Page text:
I drop the sweat-drenched Vietnamese money into the hand of the woman selling tickets to the War Remnants Museum. My shirt is soaked from the long walk across Ho Chi Minh City to reach this museum, which, I’ve been told, is a must-see in this, Vietnam’s largest city.
The woman gives me a pamphlet, which provides a suggested (though convoluted) walking route through the buildings and ground.
While traveling in Vietnam, I’ve been thinking about how, in general, people have been kind toward me, an American on their land. Just a few decades prior, people from my country—including my father—engaged in a bloody, controversial conflict known as the Vietnam War in the United States and the American War in Vietnam. Propaganda posters and billboards are still rampant throughout the country, with a kind of national pride prominently displayed for everyone to observe. I try to keep in mind that this pride, and the perspectives of the Vietnamese people about the war, is simply one point of view. How Americans viewed (or view) Vietnam, the people there and war is just as significant and slanted as the way the Vietnamese viewed (or view) the United States, Americans and the war.
No one perspective is wrong, just as no one perspective is right.
I start at the beginning of the museum, gazing at the military aircraft and ground vehicles used and discarded during the war, then move inside.
The rusted artillery and bullet casings don’t mean nearly as much to me as photographs of men holding guns and information about how the weapons are used on both sides. I walk, contemplating, through the section about Agent Orange. I study photos of disfigured children and aborted fetuses in formaldehyde. These things are not for the faint of heart. What might we be doing now that could have the same devastating effects twenty years in the future?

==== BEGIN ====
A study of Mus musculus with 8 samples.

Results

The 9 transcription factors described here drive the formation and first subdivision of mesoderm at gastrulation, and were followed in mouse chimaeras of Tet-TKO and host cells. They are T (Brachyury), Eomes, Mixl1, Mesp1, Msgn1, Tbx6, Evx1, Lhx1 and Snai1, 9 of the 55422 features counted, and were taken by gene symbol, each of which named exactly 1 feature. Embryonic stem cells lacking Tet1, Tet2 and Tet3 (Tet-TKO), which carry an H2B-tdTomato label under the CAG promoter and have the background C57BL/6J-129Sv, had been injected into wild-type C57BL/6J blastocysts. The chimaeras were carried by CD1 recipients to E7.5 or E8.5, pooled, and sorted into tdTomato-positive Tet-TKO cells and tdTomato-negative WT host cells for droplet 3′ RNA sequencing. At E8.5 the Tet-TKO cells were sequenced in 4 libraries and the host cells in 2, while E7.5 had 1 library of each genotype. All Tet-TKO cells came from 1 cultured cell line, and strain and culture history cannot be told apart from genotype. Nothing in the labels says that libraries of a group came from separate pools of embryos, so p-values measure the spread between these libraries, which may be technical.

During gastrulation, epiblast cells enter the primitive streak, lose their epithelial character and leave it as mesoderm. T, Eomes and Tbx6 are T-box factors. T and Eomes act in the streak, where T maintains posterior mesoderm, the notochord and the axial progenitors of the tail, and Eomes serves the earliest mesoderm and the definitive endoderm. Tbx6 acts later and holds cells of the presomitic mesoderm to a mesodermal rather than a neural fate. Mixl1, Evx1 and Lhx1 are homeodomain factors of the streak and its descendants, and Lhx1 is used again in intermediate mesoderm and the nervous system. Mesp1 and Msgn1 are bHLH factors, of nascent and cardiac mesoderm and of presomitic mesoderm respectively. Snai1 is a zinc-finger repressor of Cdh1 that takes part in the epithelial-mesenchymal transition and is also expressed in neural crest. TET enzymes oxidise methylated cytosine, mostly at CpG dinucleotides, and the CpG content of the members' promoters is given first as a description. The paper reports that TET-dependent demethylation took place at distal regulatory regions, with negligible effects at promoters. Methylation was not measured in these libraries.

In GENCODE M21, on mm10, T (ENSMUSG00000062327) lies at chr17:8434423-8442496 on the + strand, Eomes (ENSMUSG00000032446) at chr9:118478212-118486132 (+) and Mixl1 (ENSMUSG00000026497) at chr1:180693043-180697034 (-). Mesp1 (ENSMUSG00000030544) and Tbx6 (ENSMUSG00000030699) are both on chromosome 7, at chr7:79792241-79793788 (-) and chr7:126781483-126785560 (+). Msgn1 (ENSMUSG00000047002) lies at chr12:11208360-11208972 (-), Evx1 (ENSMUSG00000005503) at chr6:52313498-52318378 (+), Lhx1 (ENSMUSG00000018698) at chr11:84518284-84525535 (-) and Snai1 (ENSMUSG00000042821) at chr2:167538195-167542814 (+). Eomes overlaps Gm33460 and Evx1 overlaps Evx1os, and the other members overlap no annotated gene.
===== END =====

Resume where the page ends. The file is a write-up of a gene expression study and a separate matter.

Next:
A number of photos are accompanied by stories about people who happened to live in the war zone. Their homes, families, lives destroyed by a difference in opinion over governance and perceived threats.
Have we learned any lessons from the war in Vietnam that can be applied to the current conflict in the Middle East?
I spend a lot of time in an exhibit devoted to the role war correspondents played during the conflict. There are stories about journalists putting their lives on the line to help save military personnel, and touching anecdotes about the people these reporters met while on the ground. The “last photos” taken by photojournalists are as common (or shocking) as all the others they’d taken during their tours; they just happened to be captured minutes or hours before another life ended. I stand in front of these photos, my arms covered in goose bumps.
Outside, rudimentary reconstructions of cells demonstrate the living conditions Vietnamese prisoners of war were kept in. Graphic photographs illustrate text about torture devises: fingers severed, toenails ripped out, confinement in spiked cages.
War isn’t pretty. Any doubts about its beauty are quickly scrapped with a walk through this section of the museum.
I sit on a step leading to the museum, looking out across the mass of people milling around the airplanes and tanks. They laugh and smile, chatting with each other, calling out to friends. There are Vietnamese and Americans here … and people from Europe, other Asian countries, Canada, Australia. Now, today, we can be in this space together, without spite or conflict or hate or violence. All of those things are confined to pictures and stories and twisted pieces of weaponry sitting behind plexiglass inside the museum.
Whose war was it anyway? Does it matter, as long as we learn from it?